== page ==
Vorrei una piazza fiorentina

Mayor Renzi’s regeneration of public space

Avantika Chilkoti
November 4, 2010

I had been told that visiting Florence involves ‘finding yourself,' but then perhaps I've read one too many E. M. Forster novels. If this city really does possess said self-revelatory powers, the ‘self' it has bestowed upon me is far, far from the Sophia Loren I'd hoped for.

 

I see my route sign-posted ‘piazza' and get giddy at the thought of a mouth-watering pizza. It turns out that the ‘true me' is a slothful, indolently overweight toddler: all I seem to want to do is lounge in various piazzas, using various famous effigies merely for shade and nursing various flavours of gelato as they melt languidly down my sticky wrists.

 

That being said, sarcasm done and overdone, the piazzas in Florence truly are part of the city, as much as any gallery, museum or famously bustling bridge. History is not only held in these open spaces, in the art and places left in its wake, but also created as we use these areas and contribute to them. Pausing for a Baedeker break under the Loggia dei Lanzi, the average tourist is unwittingly fulfilling the dreams of dynasties past; the family responsible for its foundation intended the square for just this type of communal ‘public.' They selected this area far from their allegedly dangerous rival, the Ghibellini family, and designed the inclusive L-shape of the piazza. The Average Tourist is also unknowingly musing upon the site of Savonarola's illustrious bonfire of the vanities and mourning at the deathbed of all Botticelli's favourite progeny.

 

Similarly, opting for an overpriced aperitivo in piazza Repubblica, our dear friend, Mr. Tourist, is taking part in a sequence of hegemony and freedom. He drinks to the old Roman forum and the Jewish ghetto, both. He watches over the ultimate symbol of oppression and tyranny at the site where slums were forcibly demolished to make way for the government during the Risanamento. Even if our innocent friend remains ignorant of the swarm of tales buzzing around him, he can't help but observe the remnants of history that have chipped away to clear the piazza before him.

What many forget is that, as well as learning and experiencing so much in these public spaces, people also contribute significantly to them. A public space without a public becomes but a misnomer, as they were intended for communal interaction. Every step in piazza Signoria and every bench skirting palazzo Strozzi was intended to encourage participation.

 

This is the issue that Florence mayor Matteo Renzi currently addressed in his ‘One Hundred Places,' a plan to regenerate key, neglected spots in this historic city (see TF 128). From creating the ideal jogging path, to ‘pedestrianising' the area around the Duomo, Renzi plans to enhance quality of life in Florence and rejuvenate the historical cityscape. The idea is to encourage the Florentine people to make use of and contribute to the public space within the city, counteracting the current trend towards urban sprawl. As more and more locals go to shopping malls outside of the city's centre, the smaller piazzas at the heart of the city fall dormant. The tourist population keeps the most illustrious spots ticking. But, just as large supermarket chains at the periphery drained the older markets of the city centre, sprawl threatens to suck the indigenous out of this historic city and leave all but the renowned spots decrepit. Where public space is concerned, preservation of the historic requires participation in the present.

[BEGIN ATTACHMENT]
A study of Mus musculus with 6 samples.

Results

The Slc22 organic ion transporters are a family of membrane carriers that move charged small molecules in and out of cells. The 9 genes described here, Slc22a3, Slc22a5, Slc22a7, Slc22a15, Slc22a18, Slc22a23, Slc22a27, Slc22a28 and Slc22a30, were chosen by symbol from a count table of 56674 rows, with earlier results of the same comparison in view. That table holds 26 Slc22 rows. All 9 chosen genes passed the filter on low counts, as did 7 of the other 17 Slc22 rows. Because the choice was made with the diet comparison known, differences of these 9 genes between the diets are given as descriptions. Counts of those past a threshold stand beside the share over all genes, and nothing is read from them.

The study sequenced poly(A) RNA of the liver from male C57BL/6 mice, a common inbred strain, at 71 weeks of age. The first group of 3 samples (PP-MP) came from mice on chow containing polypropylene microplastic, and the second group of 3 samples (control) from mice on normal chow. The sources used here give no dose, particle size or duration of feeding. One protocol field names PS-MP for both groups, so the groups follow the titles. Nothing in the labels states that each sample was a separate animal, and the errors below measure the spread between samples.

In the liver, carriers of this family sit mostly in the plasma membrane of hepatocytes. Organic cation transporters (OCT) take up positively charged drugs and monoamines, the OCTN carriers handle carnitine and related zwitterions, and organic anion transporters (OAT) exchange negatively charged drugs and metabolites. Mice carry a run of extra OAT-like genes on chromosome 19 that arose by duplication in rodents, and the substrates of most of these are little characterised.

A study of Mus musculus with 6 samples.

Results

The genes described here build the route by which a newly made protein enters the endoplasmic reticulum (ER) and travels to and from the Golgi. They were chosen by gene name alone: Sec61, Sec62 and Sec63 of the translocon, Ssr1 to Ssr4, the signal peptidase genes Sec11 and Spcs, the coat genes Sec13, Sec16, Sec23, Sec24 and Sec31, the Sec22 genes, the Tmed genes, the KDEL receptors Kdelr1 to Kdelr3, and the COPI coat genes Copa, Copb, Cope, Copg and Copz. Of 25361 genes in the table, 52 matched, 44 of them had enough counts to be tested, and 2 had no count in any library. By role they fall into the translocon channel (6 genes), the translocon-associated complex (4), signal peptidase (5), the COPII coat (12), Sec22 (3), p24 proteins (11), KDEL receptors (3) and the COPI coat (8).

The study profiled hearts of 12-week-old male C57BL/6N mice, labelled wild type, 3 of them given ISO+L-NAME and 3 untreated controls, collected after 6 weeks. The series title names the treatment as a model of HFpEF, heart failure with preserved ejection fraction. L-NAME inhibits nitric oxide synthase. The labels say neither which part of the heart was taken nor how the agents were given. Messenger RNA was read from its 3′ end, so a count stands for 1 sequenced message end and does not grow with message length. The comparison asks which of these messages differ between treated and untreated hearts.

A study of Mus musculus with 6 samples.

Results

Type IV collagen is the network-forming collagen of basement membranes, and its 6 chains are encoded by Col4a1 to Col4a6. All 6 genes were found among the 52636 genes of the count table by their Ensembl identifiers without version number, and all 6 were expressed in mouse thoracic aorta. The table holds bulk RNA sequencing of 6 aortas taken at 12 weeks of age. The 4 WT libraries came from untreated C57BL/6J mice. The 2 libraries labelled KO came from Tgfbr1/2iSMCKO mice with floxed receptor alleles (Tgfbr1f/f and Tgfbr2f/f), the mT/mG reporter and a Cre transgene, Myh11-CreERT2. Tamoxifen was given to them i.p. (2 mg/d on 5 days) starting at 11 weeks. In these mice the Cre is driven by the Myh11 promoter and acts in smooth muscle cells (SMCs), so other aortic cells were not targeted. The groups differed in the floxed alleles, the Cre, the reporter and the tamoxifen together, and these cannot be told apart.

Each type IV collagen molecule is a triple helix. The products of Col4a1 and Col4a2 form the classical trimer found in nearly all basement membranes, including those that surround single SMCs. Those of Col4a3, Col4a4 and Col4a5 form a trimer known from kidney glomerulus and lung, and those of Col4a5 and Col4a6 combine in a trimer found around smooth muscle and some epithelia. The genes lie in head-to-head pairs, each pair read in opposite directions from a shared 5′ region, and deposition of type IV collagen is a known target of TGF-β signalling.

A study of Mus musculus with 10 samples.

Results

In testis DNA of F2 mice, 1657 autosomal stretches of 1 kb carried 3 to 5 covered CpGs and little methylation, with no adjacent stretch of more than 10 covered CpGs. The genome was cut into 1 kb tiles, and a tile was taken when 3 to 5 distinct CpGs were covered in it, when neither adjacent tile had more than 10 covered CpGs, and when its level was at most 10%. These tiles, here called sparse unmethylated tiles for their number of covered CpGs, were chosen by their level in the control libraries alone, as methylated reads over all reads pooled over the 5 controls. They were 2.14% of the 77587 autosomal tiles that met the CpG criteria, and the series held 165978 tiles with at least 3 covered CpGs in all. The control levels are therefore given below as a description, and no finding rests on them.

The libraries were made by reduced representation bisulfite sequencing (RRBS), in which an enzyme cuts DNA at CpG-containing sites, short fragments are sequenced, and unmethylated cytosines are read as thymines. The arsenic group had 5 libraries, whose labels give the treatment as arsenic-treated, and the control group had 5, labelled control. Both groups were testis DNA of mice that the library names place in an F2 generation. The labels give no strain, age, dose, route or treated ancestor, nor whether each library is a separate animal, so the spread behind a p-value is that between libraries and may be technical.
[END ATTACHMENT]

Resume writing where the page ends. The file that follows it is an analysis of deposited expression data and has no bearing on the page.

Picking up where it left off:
However, this city still sparks a tumult of emotions. It launches a stand-off between awe and inspiration. But forget the perfection of Brunelleschi, Michelangelo and Dante: I'm still struggling to emulate the effortless, sartorial perfection of the locals that surround me. I'm struggling to understand how spaghetti alla carbonara, gelato alla nocciola and waif-like physiques can all call the same nation home. But there are other things I have learned while here in Italy. I have learned that the omnipresent Medici crest sparks much the same reaction in Florence as the ubiquitous ‘Made in China' label does back in England: a tired, disgruntled ‘Oh, but of course.' I have learned that what I am served at Pizza Hut isn't, contrary to popular belief, actually ‘pizza' at all. But most crucially, I now see what is impeding our sense of community, security and thus of camaraderie at home: we crave shared, open, public space to both remind anonymous strangers of a shared past and unite them in a joint present.